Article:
Dear Full-Time Working Mom,
I see you there. You are the one arriving to work 30 seconds before you’re considered late. You got your baby dressed, fed and dropped off at Day Care well before you’ve even brushed your own teeth and hair. Before you leave home, you make sure that you have everything with. You fear forgetting anything and having to return home and being late for work. Then the day comes when you forget your office key, lunch or even your child’s diaper bag and now you have to return home and explain to your boss why you’re late. There are days where you’ve only had 2-4 hours of sleep…continuously. Sometimes your pants are a little wrinkled or you arrive with baby spit-up on your shirt. Go figure.
You nervously check your cell-phone during the meeting because your little one has been sick. You pray that daycare won’t call you to pick her up because you have no more sick days and you dread asking your boss to leave early. Someone asks you to go out to lunch, but you pass because you have to go buy medicine, diapers and any other baby items that are needed. I see you sleeping in your car instead of having lunch because the previous night your baby decided to stay up. When others are staying late at work finish that big audit or trying to get ahead for tomorrow, you are rushing out the door because instead of going home, you’re actually going to your second job in order to make ends meet.
You count the hours in order have her back in your arms. You feel like everyone else is doing better at their job than you. When you are at work you feel guilty that you aren’t with her. When you are at home you are distracted with what you didn’t finish up at work that day. If you had to evaluate yourself, you’d say that you’re an okay Mom and employee. Definitely not exceptional at either though. You are always torn between your motivated, intellectual, business-self and your loving, nurturing mom-self.
It’s 11:30 pm and you realize that you haven’t showered and that the dishes are all piled up on the sink. You’re debating about whether you should shower and leave the dishes for tomorrow or vise versa. You see those pictures of your stay -at- home friends and while you know that they too are going through their own struggles, you can’t help but feel a bit jealous. Jealous at the fact that they get to stay home and spend time with their baby. You secretly feel left out when you see their Facebook posts about play dates at the newest indoor-play venue and you worry that your kids are missing out on having a close group of friends to play with. On the flip side, you come across a group of other moms, who make you feel utter crap because you’re a working mom. You try to ignore the ugly thoughts that people think you’re a bad mom and value your career more than your kids.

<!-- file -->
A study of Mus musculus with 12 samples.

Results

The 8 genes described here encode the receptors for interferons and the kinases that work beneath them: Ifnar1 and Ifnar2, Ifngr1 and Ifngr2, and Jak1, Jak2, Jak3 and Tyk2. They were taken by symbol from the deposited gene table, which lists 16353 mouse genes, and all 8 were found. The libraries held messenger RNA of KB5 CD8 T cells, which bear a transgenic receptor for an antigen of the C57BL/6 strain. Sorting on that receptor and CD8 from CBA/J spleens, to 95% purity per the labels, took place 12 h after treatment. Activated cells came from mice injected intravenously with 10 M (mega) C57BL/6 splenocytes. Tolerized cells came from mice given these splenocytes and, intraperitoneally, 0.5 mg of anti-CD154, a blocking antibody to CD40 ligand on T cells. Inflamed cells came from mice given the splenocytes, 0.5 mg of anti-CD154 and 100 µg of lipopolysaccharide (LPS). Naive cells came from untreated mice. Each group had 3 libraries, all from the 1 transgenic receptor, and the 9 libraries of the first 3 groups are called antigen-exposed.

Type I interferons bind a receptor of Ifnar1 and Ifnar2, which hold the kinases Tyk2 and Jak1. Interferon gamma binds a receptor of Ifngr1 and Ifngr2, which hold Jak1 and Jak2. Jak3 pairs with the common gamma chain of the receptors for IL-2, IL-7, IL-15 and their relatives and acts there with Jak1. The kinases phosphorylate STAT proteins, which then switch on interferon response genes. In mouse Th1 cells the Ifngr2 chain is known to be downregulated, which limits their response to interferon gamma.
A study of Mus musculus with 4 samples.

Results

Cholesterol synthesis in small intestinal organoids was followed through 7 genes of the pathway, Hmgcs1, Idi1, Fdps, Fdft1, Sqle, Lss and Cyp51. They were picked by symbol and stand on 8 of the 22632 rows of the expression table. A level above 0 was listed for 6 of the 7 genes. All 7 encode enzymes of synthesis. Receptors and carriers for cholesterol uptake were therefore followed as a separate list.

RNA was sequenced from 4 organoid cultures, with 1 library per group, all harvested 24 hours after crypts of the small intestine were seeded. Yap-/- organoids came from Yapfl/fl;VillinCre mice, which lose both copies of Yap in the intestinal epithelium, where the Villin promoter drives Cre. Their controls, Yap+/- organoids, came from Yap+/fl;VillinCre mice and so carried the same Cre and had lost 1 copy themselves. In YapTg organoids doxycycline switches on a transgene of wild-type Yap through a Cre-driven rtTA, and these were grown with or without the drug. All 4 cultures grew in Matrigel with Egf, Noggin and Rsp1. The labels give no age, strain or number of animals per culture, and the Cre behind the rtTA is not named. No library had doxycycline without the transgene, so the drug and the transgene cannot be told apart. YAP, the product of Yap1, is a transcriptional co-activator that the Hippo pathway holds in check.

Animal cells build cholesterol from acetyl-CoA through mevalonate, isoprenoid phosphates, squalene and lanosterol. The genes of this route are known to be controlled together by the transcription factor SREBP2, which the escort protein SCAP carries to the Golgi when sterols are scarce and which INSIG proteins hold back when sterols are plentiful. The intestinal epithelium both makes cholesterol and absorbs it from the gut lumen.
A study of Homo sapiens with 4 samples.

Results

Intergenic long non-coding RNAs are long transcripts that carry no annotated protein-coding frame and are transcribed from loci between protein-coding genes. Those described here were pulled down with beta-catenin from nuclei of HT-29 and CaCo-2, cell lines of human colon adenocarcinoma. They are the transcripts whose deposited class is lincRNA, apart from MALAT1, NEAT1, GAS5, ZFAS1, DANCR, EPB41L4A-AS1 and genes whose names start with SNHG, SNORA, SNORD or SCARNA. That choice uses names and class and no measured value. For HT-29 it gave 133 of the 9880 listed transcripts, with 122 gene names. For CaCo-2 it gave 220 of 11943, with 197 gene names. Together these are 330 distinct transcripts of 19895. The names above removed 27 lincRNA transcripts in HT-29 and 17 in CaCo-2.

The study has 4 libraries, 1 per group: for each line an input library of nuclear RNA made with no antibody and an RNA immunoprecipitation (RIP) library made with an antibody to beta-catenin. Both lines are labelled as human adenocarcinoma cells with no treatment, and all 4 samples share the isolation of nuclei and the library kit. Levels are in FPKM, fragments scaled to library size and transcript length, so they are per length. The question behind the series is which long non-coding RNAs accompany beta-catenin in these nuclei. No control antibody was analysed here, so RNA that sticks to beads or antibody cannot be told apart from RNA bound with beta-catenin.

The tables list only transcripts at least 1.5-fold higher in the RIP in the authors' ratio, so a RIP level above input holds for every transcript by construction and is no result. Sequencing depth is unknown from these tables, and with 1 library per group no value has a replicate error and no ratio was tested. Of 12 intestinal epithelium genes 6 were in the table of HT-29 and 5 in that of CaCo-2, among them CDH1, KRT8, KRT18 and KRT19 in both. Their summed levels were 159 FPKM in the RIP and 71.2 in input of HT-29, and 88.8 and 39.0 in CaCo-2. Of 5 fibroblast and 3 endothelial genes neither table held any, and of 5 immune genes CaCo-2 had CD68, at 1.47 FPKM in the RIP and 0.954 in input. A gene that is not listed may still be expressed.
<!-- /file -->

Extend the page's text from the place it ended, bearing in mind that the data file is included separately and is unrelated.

But then certain things make your days that much brighter.
Like the fact that you’re baby is now rolling over or that they can sit up. When you just can’t catch a break, your baby looks at you and with one smile, makes it all go away. At work, your friends bring over a pair of matching socks (for you and the baby) or a cup of coffee because they know of the rough night you had. You get to accomplish your To Do List and have lunch. You finally get to watch your guilty pleasure shows or work on your blog & YouTube Channel. You even to shower on time!
Being a working mom is certainly no walk in the park. Being a MOM in general is not easy. Period. Working does not make you less of a mom. Being a mom doesn’t make you a weaker employee. If you are working because your family depends on it financially, I applaud you. If you work because you love what you do or it’s simply who you are, be proud of what you are accomplishing.
At the end of the day, it is good to remember and repeat:
I am good at my job. I am a good mom. I’ve got this. WE ALL GOT THIS.